Visiting Professor from OSU Discusses Historical Achievements of Annie Besant

On Friday, February 13, students and faculty gathered to hear Associate Professor of History and Women’s, Gender and Sexuality Studies at Ohio State University Mytheli Sreenivas deliver a lecture on “Reproductive Justice in the Shadow of the Empire.”

To address this topic, Sreenivas recounted the story of Annie Besant, a historical figure who has extensively researched to understand the struggles for birth control in both Britain and India during the 1870s. 

“I want to read the story of Besant’s life and struggle as a window not only into 19th century  reproductive politics, where she was absolutely a pivotal figure, but also for its insights into ongoing struggles around reproductive justice in our contemporary moment,” Sreenivas said.

Besant was an English activist who devoted her life to helping make birth control available and widespread in England and then eventually in India, where overpopulation and poverty were critical issues.

Her activist career began when she and Charles Bradlaugh, a famous English atheist, published a book for married couples detailing methods of preventative contraception and were eventually arrested for their actions. The book was judged “obscene libel,” intended to “corrupt and destroy the morals of people.” Besant’s views were not well-received in her day.

“There is nothing wrong in a natural desire rightly and properly gratified … the notion that pleasure qua pleasure is wrong is an ascetic notion, which is at the base of a large amount of profligacy of the present day … it is no part of its object either to destroy marriage, or to favor profligacy, or to promote promiscuous intercourse; but … to enable people to marry early, and at the same time to avoid those evils which come by over-population,” Besant said.

Besant saw mothers struggling to feed their starving children and saw contraception as a solution, despite societal resistance. Following a severe famine in India, she found another platform on which to promote her goal of making birth control available.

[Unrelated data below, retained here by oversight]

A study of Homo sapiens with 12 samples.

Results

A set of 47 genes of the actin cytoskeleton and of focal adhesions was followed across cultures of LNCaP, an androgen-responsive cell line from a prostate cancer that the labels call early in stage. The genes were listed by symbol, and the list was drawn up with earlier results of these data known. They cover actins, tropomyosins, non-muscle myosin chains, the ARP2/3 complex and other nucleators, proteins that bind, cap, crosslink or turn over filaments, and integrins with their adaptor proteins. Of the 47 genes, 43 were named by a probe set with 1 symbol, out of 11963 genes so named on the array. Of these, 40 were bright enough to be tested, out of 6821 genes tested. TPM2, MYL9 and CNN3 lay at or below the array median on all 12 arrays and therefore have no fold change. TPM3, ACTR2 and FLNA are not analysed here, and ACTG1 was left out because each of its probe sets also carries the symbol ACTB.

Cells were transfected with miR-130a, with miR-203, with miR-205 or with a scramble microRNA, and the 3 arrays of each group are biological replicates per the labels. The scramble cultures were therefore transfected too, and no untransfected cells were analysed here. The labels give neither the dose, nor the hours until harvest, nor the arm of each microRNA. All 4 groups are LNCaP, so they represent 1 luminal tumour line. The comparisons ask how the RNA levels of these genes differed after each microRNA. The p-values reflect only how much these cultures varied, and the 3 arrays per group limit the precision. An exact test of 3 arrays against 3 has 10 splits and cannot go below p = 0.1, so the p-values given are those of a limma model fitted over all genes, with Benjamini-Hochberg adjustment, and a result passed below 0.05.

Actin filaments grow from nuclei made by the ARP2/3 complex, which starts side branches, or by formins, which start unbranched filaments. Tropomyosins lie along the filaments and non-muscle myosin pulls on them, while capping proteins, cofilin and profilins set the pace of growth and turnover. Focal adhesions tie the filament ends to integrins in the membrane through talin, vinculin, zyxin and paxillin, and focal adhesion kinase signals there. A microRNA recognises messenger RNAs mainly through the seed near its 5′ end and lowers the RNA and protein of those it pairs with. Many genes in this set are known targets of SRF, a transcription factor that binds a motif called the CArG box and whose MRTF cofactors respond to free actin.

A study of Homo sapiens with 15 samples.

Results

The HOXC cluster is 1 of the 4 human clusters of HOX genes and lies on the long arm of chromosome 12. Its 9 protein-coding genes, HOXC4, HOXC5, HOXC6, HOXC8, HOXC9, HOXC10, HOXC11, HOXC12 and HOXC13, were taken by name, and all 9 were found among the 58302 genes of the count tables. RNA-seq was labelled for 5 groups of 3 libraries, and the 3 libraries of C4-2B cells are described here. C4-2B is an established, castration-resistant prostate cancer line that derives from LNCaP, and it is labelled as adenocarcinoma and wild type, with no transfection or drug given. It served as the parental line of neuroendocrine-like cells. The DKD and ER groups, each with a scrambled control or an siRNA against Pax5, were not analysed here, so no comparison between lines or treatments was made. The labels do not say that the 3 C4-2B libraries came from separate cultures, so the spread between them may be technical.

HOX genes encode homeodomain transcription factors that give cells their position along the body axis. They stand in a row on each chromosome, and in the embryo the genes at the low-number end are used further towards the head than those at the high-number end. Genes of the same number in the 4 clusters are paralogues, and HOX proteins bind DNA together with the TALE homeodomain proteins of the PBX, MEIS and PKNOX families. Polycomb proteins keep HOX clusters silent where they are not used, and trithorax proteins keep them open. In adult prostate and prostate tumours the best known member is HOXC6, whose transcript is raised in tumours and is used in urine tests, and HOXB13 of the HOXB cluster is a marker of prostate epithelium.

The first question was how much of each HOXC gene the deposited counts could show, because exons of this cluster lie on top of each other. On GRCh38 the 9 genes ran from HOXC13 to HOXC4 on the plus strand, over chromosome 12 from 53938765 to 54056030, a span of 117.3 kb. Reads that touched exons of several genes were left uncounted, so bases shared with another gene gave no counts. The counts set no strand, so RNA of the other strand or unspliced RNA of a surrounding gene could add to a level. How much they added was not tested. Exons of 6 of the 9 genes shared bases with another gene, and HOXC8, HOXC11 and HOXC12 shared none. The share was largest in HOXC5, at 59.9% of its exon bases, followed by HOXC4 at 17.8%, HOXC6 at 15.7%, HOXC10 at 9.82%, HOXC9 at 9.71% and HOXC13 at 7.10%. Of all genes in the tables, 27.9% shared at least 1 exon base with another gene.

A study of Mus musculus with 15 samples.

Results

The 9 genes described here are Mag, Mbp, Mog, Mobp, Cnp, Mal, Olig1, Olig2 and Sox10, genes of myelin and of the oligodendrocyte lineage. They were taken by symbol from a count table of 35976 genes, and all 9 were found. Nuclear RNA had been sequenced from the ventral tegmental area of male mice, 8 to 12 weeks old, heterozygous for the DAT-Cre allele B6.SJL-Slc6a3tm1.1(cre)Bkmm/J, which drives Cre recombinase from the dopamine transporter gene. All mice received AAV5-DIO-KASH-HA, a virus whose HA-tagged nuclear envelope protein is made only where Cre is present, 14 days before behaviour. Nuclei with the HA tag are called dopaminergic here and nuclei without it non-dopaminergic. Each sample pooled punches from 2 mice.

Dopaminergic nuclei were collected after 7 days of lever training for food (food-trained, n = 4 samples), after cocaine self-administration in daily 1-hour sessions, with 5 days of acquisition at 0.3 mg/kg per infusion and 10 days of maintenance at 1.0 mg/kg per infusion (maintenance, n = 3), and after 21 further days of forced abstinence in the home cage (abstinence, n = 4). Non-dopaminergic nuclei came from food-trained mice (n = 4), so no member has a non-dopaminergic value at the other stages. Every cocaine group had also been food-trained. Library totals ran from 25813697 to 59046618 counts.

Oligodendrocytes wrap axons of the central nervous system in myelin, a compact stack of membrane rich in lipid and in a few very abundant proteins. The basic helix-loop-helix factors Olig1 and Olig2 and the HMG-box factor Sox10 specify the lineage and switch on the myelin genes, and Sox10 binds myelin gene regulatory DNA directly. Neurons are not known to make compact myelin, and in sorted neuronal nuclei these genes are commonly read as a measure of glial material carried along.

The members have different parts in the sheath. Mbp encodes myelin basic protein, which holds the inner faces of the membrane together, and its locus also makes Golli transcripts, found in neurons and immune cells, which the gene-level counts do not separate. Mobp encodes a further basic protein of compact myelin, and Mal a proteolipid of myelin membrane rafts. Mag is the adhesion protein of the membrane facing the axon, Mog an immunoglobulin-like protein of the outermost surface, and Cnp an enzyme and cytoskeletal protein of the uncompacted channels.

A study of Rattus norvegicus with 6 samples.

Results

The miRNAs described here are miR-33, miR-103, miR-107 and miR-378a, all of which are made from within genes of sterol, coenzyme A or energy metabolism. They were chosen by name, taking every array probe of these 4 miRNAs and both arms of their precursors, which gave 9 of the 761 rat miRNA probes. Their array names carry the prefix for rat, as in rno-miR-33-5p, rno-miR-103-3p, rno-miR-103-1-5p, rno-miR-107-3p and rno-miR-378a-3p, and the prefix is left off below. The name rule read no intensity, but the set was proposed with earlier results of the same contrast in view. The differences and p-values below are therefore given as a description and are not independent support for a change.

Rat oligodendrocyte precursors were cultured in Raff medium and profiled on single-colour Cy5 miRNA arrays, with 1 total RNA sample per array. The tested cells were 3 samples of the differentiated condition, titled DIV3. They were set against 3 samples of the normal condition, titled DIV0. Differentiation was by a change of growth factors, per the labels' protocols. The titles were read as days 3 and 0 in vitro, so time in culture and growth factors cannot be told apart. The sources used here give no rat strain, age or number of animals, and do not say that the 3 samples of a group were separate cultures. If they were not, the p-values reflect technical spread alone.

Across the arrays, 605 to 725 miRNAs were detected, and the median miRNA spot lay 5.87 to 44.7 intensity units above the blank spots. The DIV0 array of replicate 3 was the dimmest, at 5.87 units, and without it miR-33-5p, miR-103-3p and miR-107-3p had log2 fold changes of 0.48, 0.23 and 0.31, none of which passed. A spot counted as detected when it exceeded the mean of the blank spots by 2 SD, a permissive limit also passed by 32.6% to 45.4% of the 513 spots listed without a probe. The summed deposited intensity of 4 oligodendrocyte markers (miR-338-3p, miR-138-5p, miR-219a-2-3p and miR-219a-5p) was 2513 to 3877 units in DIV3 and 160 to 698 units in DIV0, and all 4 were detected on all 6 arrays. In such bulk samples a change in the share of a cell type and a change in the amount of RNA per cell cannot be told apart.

Because birth control was viewed primarily as a way to control population, the story of Besant also raises questions about our current perceptions of birth control in the feminist movement.

“I would argue that paying attention to Besant’s reproductive politics in the 1870s  require that we rethink the history of birth control advocacy and its relationship to feminism and imperialism,” Sreenivas said.

Besant’s story is not necessarily a happy one and has a somewhat unsatisfying end. She eventually lost custody of her five-year old daughter and was judged an “unfit mother” for her views, despite the fact that she cited her daughter’s well-being and future as the impetus for her actions.

Ultimately, Besant traveled to India and renounced her contraceptive advocacy, withdrawing her previous works on contraception. However, this does not change the differences she made early on in her career.

Sreenivas also briefly connected this history to the right wing’s current efforts to undermine access to birth control in modern day.

Students in the audience seemed to find the lecture interesting.

“I was amazed by the fact that Annie Besant sacrificed so much for her cause but, later in life, reneged all of her previous materialistic arguments concerning birth control,” first-year Sydney Loria said. “I thought her perspective on birth control was unique.”

Others found some of the points that she had raised to be unexpected.

“I was surprised that Annie Besant’s work was not intertwined with the feminist movement in the way I had assumed it would have been,” first-year Ashlea Raemer said.